It was pointed out to me in a recent conversation with my bride of what will be 50 years this December, that I needed some new underwear. Now I’ve got to tell you, I don’t pay much attention to underwear. Don’t get me wrong. I wear it. I just don’t pay much attention to it. I shower, then I look in the drawer of my dresser and there is, as if by magic, underwear. You could say, if you are an old-timer like me, there are always drawers in my drawers. But I digress.
The whole conversation got me to thinking about shopping for underwear. You see, I don’t think I ever did. I mean I don’t think I ever actually shopped for underwear. In re-examining my life, I went from a mother to a first sergeant to a wife. I have never had to actually buy my own underwear. I wouldn’t know how or where to begin. As a child, it was always just there. When I was in the Army, it was just there. When I then got a wife, the pattern continued. I don’t know what size my underwear is. I don’t know what style it is. I just know it is always there.
Some of you out there may think this is strange. I don’t. As we live our lives, we develop patterns. We develop habits. We decide what works for us. Having a wife who makes my underwear decision just works for me.
Having said that, however, another issue rears its ugly head. What if I had to buy my own underwear? What if, when I looked into my dresser, there was no underwear? This is the simple question my ever-caring and helpful wife asks. What if there was suddenly no wife there? On many levels, that is a terrifying thought. What if I had to do my own laundry? What if I had to make my own bed?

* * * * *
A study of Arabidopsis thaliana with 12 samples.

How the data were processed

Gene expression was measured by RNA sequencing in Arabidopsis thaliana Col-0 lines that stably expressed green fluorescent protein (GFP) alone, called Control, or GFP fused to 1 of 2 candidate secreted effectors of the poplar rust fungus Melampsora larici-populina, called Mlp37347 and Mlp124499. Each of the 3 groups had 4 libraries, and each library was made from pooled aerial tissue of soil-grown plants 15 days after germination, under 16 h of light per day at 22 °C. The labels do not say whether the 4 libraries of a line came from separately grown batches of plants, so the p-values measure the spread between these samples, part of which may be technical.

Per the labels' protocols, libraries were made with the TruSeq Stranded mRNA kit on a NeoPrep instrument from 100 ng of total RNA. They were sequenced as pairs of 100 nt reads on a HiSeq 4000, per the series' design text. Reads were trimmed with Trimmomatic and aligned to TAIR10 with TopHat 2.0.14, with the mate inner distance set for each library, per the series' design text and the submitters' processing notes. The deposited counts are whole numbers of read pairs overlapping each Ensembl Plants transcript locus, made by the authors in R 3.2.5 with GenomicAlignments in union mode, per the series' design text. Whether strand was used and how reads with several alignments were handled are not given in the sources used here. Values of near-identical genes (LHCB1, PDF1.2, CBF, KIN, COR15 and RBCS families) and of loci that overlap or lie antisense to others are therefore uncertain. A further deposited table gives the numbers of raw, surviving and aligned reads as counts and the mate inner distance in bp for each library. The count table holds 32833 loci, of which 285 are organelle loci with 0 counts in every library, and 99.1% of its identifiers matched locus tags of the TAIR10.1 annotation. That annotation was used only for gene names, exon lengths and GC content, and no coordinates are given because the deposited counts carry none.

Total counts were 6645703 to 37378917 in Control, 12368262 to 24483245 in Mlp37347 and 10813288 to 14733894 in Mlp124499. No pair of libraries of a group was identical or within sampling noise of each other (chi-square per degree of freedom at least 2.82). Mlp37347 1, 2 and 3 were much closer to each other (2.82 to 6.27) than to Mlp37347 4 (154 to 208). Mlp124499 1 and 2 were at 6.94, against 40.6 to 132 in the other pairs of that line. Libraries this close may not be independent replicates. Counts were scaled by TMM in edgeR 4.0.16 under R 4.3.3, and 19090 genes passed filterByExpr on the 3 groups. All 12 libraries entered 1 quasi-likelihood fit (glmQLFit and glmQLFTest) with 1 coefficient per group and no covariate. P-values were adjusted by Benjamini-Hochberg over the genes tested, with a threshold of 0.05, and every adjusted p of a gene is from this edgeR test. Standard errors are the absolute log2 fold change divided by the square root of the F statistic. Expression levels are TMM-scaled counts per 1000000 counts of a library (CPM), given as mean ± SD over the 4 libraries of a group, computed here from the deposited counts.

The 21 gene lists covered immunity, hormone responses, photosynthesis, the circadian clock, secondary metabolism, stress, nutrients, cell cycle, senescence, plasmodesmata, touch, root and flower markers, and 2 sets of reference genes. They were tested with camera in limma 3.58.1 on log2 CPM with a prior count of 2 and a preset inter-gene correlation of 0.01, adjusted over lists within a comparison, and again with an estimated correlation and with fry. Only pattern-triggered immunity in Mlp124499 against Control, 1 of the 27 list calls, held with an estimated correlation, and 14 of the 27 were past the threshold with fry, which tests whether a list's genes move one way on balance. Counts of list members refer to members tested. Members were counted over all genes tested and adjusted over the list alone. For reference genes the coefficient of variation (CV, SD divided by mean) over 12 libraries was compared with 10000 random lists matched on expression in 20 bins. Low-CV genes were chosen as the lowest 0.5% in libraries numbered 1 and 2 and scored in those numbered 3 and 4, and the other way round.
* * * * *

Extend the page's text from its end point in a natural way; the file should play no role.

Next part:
Normally I would never even consider those minor questions. I save my thought processes for the big, important problems. I’m all about saving the world and feeding the hungry and electing Republicans. There is little time for frivolity, such as the mundane matters of laundry and underwear.
I should consider myself fortunate, though, she told me. I have a wife who is skillful at pointing out, in her sweet little way, my inadequacies. Like not knowing how to do laundry or how to buy underwear. Had she never brought it up, I would have continued in my ignorance. Again, a frightful thought. Well, I’m a person of average intelligence. I feed myself. How tough could buying underwear be?
So, I have made a decision. I am going to learn my underwear size. I am going to find out where it is bought and how much it costs. I am going to become a world-class underwear shopper. I am going to start that task in just a little while, right after I solve these other little problems I’m working on like world hunger, world peace and electing Republicans.